The iceberg thought to have been hit by Titanic, photographed the morning of 15 April 1912 by SS Prinz Adalbert's chief steward. The iceberg was reported to have a streak of red paint from a ship's hull along its waterline on one side.

Titanic Iceberg Facts:

Titanic Iceberg Facts: 

The iceberg thought to have been hit by Titanic, photographed the morning of 15 April 1912 by SS Prinz Adalbert's chief steward. The iceberg was reported to have a streak of red paint from a ship's hull along its waterline on one side.

http://magazine.womenssuite.com/titanic-107th-anniversary-of-her-sinking/

19 – the number of icebergs that third class survivor Charles Dahl later claimed he had seen from lifeboat number 15, during the hours following the sinking. In an interview with the Chicago American newspaper Dahl criticized the speed at which Titanic had been traveling through the ice field, describing how Carpathia had needed to zigzag through bergs whilst collecting survivors.
 
11:39 pm – the time at which the iceberg Titanic struck was first spotted, too late to avoid a collision.
 
30 seconds – the amount of time from the first sighting of the iceberg to the impact.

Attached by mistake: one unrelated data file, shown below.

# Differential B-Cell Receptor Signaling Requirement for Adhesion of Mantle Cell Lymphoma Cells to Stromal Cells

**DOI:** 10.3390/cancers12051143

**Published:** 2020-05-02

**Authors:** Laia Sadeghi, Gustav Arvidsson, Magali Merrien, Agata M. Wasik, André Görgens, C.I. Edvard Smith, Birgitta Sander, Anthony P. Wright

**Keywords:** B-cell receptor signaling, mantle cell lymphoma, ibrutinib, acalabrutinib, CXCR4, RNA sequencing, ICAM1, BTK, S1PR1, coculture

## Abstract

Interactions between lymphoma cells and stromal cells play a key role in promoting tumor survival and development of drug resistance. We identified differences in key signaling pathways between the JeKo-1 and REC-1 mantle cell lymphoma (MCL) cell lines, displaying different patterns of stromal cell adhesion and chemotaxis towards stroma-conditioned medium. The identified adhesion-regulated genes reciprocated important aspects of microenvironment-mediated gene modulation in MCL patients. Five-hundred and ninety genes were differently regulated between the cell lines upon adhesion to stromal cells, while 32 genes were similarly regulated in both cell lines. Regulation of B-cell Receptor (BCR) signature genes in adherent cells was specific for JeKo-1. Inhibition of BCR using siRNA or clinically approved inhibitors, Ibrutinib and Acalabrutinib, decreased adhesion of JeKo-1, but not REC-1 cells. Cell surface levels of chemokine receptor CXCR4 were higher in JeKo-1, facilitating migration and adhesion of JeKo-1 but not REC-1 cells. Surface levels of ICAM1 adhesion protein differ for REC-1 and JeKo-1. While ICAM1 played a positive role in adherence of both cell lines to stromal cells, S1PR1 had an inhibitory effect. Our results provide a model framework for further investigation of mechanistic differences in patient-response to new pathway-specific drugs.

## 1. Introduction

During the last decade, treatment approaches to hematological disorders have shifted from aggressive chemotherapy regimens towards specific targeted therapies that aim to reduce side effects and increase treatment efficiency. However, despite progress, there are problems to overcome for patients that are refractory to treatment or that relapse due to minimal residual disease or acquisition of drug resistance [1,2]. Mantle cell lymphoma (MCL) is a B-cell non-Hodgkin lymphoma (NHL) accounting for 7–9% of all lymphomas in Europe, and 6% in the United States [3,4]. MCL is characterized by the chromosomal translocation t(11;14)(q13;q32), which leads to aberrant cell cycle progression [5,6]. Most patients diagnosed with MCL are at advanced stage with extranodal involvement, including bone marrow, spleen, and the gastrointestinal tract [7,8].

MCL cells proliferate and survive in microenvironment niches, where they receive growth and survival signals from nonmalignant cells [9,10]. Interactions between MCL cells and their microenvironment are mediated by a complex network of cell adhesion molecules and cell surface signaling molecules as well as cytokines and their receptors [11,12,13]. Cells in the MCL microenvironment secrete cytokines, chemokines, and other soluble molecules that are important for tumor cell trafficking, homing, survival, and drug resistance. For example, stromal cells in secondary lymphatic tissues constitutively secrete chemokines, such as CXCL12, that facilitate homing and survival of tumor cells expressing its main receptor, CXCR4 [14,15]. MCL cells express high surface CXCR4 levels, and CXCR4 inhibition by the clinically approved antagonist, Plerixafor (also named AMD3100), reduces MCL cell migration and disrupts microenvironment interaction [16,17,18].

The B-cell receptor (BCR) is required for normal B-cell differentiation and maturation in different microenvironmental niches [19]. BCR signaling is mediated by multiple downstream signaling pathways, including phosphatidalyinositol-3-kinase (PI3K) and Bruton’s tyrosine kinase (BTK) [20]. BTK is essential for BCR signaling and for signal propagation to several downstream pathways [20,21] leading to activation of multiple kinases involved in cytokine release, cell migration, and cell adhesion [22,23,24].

50 – 100 feet – the estimated height of the iceberg above water, as recounted by Titanic survivors.
 
200 – 400 feet – the estimated length of the iceberg.
 
5 – the number of days after the sinking when Rehorek took his photograph of the iceberg.
 
85% – the amount of all icebergs in the North Atlantic that originate from the west coast of Greenland.
 
1909 – the year in which the Titanic iceberg is believed to have been ‘born’.
 
1 – 2 – the likely number of icebergs that the Ilulissat ice-shelf would have produced in 1909.
 
1 – 4% – the proportion of those icebergs that survive to reach shipping waters. They initially float north along Greenland’s west coast before beginning their southward journey past the coastlines of Baffin Island, Labrador and Newfoundland, before passing through the gulf stream into the Atlantic past. Most do not make it this far, either getting caught en route or finally melting in the warm waters of the gulf stream.
 
1909 – the year in which the Titanic iceberg is believed to have been ‘born’.
 
1 – 2 – the likely number of icebergs that the Ilulissat ice-shelf would have produced in 1909.
 
1 – 4% – the proportion of those icebergs that survive to reach shipping waters. They initially float north along Greenland’s west coast before beginning their southward journey past the coastlines of Baffin Island, Labrador and Newfoundland, before passing through the gulf stream into the Atlantic past. Most do not make it this far, either getting caught en route or finally melting in the warm waters of the gulf stream.